In the regular flow of life, perfection is often the aim, but seldom the target achieved.
Humber's gem was the first instance of "27 up, 27 down" since Roy Halladay shut down the then-Florida Marlins on May 28, 2010, in a 1-0 duel with Marlin starter Josh Johnson.
This was not only Humber's first no-hitter, it was also the first complete game shutout of his brief major league career. Humber pitched in eight games for the Royals in 2010, was traded to the white Sox in the off-season and started 26 games for Chicago in 2011, earning a 9-9 record with a 3.75 ERA.
His start in Seattle was just his second this season, after going 5 1/3 without a decision, April 14 against Baltimore, allowing six hits and one earned run.
The tension rising with every pitch as the final inning came to pass, FOX Sports switched coverage from their broadcast of the Yankees-Red Sox game at Fenway over to the developing drama. With a nationwide TV audience locked in, Humber started the ninth by striking out Michael Saunders swinging, then induced a pop-up from pinch-hitter John Jaso.
Getting the final out was perhaps the most difficult task, as pinch-hitter Brendan Ryan worked the count to 3-2. Humber delivered a low, outside slider that surely looked like ball four. Though Ryan checked his swing, it wasn't enough to convince home plate umpire Brian Runge, who signaled him out. The ball had skipped off catcher A. J. Pierzynski's glove, bounding about 20 feet from home plate between first base and the dugout, but, by the time Ryan stopped arguing the call and running to first, Pierzynski had thrown a bullet to first baseman Paul Konerko for the final out.
Humber's teammates mobbed the field, knocking the 29-year-old to the ground in a wild celebration. Humber regained his feet in short order to receive congratulations from his team.
Humber struck out nine, got five ground outs and 13 outs via fly balls. Throwing 67 of 96 pitches for strikes, Humber's effort was the first perfect game with under 100 pitches since David Cone turned the trick for the Yankees on July 18, 1999, a 6-0 interleague win over the Montreal Expos, now the Washington Nationals.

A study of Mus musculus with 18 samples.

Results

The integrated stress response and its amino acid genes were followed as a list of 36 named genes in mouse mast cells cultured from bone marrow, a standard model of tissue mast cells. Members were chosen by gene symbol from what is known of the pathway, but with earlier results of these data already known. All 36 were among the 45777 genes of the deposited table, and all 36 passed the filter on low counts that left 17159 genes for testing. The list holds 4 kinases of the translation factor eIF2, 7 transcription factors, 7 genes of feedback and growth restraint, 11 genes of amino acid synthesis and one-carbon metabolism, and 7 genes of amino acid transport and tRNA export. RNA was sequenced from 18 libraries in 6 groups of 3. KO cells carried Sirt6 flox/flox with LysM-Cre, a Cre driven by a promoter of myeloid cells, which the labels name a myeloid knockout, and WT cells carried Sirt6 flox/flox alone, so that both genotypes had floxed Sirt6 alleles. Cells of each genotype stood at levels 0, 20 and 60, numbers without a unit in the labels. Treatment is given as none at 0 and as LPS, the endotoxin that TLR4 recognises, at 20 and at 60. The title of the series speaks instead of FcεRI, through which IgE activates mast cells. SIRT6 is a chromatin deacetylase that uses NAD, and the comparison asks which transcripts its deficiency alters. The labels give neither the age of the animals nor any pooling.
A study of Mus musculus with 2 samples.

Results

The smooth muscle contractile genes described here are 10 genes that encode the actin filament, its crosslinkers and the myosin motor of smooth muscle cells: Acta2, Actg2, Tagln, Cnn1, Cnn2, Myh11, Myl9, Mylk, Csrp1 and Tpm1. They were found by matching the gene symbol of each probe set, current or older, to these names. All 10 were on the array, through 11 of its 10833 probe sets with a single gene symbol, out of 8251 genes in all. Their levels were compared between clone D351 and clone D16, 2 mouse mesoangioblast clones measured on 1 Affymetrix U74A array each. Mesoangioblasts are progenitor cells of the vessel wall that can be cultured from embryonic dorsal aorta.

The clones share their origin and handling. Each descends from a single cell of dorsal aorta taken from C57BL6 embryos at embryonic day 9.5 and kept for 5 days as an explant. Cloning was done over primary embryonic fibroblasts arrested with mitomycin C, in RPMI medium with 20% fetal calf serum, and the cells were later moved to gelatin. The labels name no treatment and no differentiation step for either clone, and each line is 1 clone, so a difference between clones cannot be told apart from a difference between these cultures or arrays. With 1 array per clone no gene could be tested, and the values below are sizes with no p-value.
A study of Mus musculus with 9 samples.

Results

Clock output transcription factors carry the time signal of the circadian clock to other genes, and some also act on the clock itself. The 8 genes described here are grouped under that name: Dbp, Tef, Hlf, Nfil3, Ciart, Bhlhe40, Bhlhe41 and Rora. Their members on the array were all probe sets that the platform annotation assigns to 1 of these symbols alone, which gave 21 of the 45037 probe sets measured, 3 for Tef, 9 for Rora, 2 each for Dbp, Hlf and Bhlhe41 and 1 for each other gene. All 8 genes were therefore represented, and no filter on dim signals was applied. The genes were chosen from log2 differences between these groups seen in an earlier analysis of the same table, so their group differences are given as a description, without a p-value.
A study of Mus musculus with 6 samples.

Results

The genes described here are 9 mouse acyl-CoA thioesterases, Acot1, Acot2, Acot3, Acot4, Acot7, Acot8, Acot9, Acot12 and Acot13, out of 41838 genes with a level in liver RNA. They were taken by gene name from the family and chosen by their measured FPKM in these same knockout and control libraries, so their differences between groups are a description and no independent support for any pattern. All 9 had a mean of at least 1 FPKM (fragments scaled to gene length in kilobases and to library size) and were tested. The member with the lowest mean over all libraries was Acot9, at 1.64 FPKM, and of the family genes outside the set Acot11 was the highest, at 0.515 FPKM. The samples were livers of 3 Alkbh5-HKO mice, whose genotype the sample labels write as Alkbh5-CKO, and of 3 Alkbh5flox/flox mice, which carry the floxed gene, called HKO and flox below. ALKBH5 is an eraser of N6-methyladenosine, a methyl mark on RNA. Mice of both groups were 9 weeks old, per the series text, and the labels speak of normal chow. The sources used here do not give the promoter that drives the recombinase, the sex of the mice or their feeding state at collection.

The perfect game overshadowed what was one heck of a ball game at Fenway. The Red Sox had a commanding 9-0 lead on the Yankees after five innings, but scored one in the sixth on Mark Teixeira's solo shot, and then erupted for seven runs in each of the seventh and eighth innings for the 15-9 final score. Teixeira and Nick Swisher each went 3-for-6 with six RBI. Swisher hit a grand slam in the 7th; Teixeira followed that with a three run blast of his own. Both players drove in two runs with doubles in the eighth inning.
Improving to 2-1, Luebke allowed just two hits and surrenders a pair of walks, shutting out the Phillies for eight innings, striking out five. Huston Street worked the ninth, allowing the only run of the game by Philadelphia.
Like Humber, Luebke is another starter with plenty of upside. A product of Ohio State, Luebke has just 24 starts under his belt and a 9-12 record, all with San Diego.
The Padres dropped the first two of their four-game series with Philadelphia before turning the tables on Saturday, and will try to even things up in the Sunday finale.